Flight (Mark I-B, Mark II-B and Mark III-B)

The Flight of the Type 40 Anti-Ship Missile knows three stages: Launch, Cruise and Terminal.

Before launch, the Type 40 AShM sits with its wings folded into the body and passively waiting for computer input, for example with target data, in its launcher, be it a torpedo tube, a VLS-cell, a box launcher or on a weapons pylon on an aircraft. Before launch, the missile needs to be programmed with the direction of the enemy, which can be updated via a shared datalink even in mid-flight.

Upon launch, the missile utilizes a procedure known as hot-launch, firing the engines to achieve lift-off and to leave the launcher, entering the cruise phase a few moments later. During this, the missile is guided by the pre-programmed data, eventual updates included, and flies towards the enemy at Mach 0.8 at a height of 20 to 50 metres above the water surface, taking the longest leg of the journey, making course corrections either with the little flaps of the wings or with the thrust vectoring booster. Due to the construction of the Type 40 with radar-absorbant materials, it is harder to detect then most other missiles of this type, further emphasized by the use of rocket fuel generating less smoke then conventional rocket fuel. The Type 40 is ECM-resistant and has a Radar Warning Receiver, warning the Type 40s onboard computer if the missile is detected and locked on by an enemy radar.

Upon entering terminal stage, either as pre-programmed or upon warning from the Radar Warning Receiver, the Type 40 goes into sea-skimming mode, flying around four to five metres above the water surface and beginning the short sprint at Mach 2.8 or 2.9, depending on the version. Guidance is taken over by the onboard active radar, homing in onto the enemy by own radar guidance. Should the enemy attempt to noise-jam the missile, trying to saturate the radar transceiver with false signals and noise, the Type 40 automatically turns on the passive-homing capability, following the radar signals received to their source. The enemy is most probable to intercept and destroy the Type 40 during this stage, due to the enemy vessel's radar being able to, but not bound to, detect and direct fire against the missile, for example from CIWS, which makes the aforementioned stealth-features even more important for a successful operation of this missile. Should the enemy achieve a hardkill against the missile, destroying it in mid-flight, the missile will explode and send shrapnel towards the enemy with the intent to cause at least minor damage, shredding antennae and crew caught in the path.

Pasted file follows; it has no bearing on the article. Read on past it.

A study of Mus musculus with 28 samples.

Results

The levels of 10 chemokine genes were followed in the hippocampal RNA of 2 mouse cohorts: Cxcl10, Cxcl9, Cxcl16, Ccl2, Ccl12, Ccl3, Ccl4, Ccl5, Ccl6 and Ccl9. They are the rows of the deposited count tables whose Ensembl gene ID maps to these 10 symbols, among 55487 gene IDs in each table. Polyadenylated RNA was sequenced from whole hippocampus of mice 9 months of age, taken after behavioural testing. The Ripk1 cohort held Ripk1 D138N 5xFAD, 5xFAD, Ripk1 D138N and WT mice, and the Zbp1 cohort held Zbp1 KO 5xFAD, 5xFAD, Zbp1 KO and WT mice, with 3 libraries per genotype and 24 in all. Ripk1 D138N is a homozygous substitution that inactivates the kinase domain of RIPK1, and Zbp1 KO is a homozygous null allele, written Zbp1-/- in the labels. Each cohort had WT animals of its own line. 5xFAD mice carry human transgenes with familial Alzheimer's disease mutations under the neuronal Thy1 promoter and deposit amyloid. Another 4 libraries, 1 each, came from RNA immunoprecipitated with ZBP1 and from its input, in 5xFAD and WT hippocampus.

When the missile hits its intended target, however, the armour piercing warhead does its work, punching through the enemy vessel's armour and exploding inside the vessel, preferably somewhere, where it causes follow-up explosions. This explosion will leave the enemy vessel either crippled, having to limp back to safer waters, or outright sink it.

Versions

The Type 40 can be mounted on ships of every size, including in launch boxes on FACs and VLS-shafts, as well as submarines. Mark IV, the air-launched variation, is a trimmed and slimmed down version for the usage by aircraft. Mark V, a land-launched version, is in development.

Mark II-B can be equipped with a nuclear warhead with a weight of 450 kg.

Mark T are Training Missiles for handling and operating the Type 40 and are therefore filled less fuel, replacing that with bright yellow paint, 'exploding' once handling mistakes were detected by the electronics or when fullfilling the mission, in essence slamming into the practice target.

Overview of versions

Version Mark I Mark II Mark III Mark IV Mark T
Weight (without fuel, kg) 1,500 1,750 1,622 1,052 1,500
Length (m) 7.63 7.63 7.63 6.83 7.63
Warhead (kg) 500

450

525 300 1,000
Operational Range (km) 400 600 500 550 450
Launch Platform naval ships, submarines naval ships, submarines naval ships, submarines Aircraft naval ships
Price (NSD, 100 units) 250 million >350 million >350 million 275 million

History

In the early 2000s, the SDF-Navy began to look for a replacement for the Cláirseoir-AShM, a short-ranged AShM, which was simply wasn't suitable for service anymore as exercises with friendly nations demonstrated time and time again.

Several designs were compared and the Type 40, a design by the Creachadóir Design Bureau was chosen - CDB lacked the production capabilities and SDY was awarded with the contract for the serial production of the Type 40 (we later bought CDB, it became our research facilities in Tipa).

Except on exercises, no Type 40 were fired in combat - until the fateful day in 2012, when a strike-force of the SDF-Navy attempted to enter Marley Bay in Halfblakistan, meeting opposition by naval and air forces. The accompanying FACs returned fire at the enemy ships, using Type 40 Mark III missiles, overwhelming the enemy defenses and hitting multiple ships, sinking one and heavily damaging a destroyer, thus enabling the Selkie-fleet to break off the engagement and retreat.

In 2017, the Allanean Navy bought the DPRs for the Mark II and 1,000 missiles of that model for roughly 385 billion NSD.